Part 1 of 3: Accepting Your FeelingsGrieve at your own speed. Don't be too hard on yourself and impose a timeline for getting over your loss. The Victorians took 2-4 years to mourn a death. While that doesn't have to be you, don't expect to be ready to get back into the swing of things after a few weeks, a month, or however much time you think you need. Instead, be patient with yourself and let go of the expectations you may have for yourself.
- Try to keep in mind that grieving is a process. You'll probably be grieving in some way for a long, long time, though hopefully it won't always be this intense. Work through it in your own time.
Accept that your parent would want you keep living. Though it's normal to be depressed, remember that your parent loved you and wouldn't want this event to cripple your life forever. As you work through the loss, try to get back into doing the things you enjoyed before. Of course, this is easier said than done, but it doesn't mean that you should forget about the fact that your parent was happiest when you were happiest. This doesn't mean you have to sweep all of your negative feelings under the rug, but it does mean that you should make an effort to keep enjoying the little things as much as you can.
- Of course, if you feel completely devastated by the loss and unable to get back into the swing of things right away, don't let the memory of your parent make you feel guilty about not getting back on your feet.
- You can talk to the people who also knew your parent about him or her to keep the memory alive. You can also tell stories about the parent to people who did not know him or her, from time to time.
- You can also ask family members questions about your parent to help understand all of his or her life experiences. This can add a new layer to your relationship with your parent, and can make your memory of your parent even more vivid.
Of course, sleeping and eating well won't help you forget your parent completely. But it will make it much easier for you to go about your daily life while dealing with your loss.
Know your triggers. It's important to be aware of when you'll be the most upset and to know that you'll need extra support. For example, if you lost your father, you may need to spend some extra time with your loved ones on Father's Day; if you lost your mother, then you may get upset during certain activities, like shopping, that you traditionally did with your mother. Knowing what will make you upset will help you prepare to not be alone during those times.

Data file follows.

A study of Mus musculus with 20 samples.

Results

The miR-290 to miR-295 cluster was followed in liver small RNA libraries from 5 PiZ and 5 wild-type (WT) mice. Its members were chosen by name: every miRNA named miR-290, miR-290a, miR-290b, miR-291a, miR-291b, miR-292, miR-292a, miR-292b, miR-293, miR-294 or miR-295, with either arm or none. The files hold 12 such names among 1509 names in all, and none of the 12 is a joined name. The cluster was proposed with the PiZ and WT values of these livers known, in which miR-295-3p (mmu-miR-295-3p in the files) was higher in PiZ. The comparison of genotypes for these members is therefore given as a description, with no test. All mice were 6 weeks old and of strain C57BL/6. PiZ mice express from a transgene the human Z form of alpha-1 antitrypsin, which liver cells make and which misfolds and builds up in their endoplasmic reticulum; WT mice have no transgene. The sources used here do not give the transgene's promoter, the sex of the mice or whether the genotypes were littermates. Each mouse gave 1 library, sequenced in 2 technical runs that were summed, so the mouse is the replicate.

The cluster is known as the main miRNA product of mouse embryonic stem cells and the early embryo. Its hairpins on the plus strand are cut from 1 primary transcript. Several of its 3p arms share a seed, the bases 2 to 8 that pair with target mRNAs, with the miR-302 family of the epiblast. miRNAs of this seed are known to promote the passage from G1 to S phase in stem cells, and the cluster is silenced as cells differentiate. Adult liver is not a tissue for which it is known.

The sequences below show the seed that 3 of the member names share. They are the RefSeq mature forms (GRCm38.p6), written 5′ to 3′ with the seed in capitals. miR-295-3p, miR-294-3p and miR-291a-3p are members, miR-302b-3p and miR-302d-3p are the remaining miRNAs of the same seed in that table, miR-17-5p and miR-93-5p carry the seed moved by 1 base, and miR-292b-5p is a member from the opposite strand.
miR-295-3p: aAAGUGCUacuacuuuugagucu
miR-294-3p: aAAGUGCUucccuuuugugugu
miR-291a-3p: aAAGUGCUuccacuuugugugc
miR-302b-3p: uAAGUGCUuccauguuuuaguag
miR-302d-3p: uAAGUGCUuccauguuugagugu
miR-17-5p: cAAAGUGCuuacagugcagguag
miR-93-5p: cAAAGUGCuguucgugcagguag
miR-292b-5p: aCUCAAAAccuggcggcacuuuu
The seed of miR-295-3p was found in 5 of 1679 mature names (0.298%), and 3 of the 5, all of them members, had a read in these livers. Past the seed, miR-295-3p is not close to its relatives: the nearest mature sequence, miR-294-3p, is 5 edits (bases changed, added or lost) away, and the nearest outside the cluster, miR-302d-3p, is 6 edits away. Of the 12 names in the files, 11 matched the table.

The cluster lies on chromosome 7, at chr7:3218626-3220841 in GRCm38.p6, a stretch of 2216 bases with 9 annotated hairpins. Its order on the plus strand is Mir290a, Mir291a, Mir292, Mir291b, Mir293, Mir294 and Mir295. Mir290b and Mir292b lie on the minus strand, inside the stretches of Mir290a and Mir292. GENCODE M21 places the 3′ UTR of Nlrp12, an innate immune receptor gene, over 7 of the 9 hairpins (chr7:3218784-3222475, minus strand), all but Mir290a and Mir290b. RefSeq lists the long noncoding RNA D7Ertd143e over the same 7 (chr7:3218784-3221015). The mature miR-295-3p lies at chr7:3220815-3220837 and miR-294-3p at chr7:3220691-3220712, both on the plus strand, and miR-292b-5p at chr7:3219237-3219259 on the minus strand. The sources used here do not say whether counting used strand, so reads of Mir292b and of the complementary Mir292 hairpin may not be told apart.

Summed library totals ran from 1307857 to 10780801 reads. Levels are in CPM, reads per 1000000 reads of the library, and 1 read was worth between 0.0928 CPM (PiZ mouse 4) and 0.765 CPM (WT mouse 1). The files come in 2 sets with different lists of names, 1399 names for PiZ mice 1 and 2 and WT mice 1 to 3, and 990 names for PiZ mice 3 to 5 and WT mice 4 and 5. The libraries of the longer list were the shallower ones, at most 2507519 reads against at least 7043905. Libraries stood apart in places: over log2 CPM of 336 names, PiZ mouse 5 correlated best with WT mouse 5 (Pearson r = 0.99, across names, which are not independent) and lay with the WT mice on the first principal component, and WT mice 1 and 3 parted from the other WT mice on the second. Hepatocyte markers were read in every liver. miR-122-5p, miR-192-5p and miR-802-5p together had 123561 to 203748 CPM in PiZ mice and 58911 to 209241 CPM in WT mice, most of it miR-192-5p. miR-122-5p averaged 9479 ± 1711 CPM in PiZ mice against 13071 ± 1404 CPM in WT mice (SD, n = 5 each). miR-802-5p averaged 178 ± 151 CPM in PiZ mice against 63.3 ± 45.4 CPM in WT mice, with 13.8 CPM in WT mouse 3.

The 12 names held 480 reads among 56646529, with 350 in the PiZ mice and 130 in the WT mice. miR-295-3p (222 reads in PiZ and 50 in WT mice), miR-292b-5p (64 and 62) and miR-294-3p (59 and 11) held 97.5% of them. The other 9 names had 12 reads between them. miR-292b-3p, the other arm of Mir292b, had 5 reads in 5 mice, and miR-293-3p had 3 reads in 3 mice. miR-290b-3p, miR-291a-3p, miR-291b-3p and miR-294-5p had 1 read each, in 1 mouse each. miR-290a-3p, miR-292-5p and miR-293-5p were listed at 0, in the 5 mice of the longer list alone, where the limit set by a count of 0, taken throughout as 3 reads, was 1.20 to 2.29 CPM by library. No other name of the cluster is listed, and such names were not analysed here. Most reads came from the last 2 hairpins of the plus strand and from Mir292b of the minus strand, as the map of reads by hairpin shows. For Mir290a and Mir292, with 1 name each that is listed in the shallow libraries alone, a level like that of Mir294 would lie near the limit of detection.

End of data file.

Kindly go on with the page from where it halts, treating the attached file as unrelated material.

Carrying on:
Don't get too hung up on the five stages of grief. It's true that there are five stages of grief: denial, anger, bargaining, depression, and acceptance, but that doesn't mean that you have to neatly go through each of those stages in order to truly deal with the loss of your parent. You may be angry or depressed first, feel denial later, or bargain after you feel depression, and there's nothing wrong with that. Everyone grieves in his or her own way, at his or her own time.
Avoid making any big decisions at first. Your parent's death may make you realize that your marriage is a lie, that your career is meaningless, or that you should drop everything and become a pineapple farmer in Hawaii. While all of these realizations may be true, you should avoid doing anything impulsive or acting on them until you feel ready to make a rational decision. Making big changes in your life probably won't help you get over your parent's death any faster, and you may end up doing something that you regret.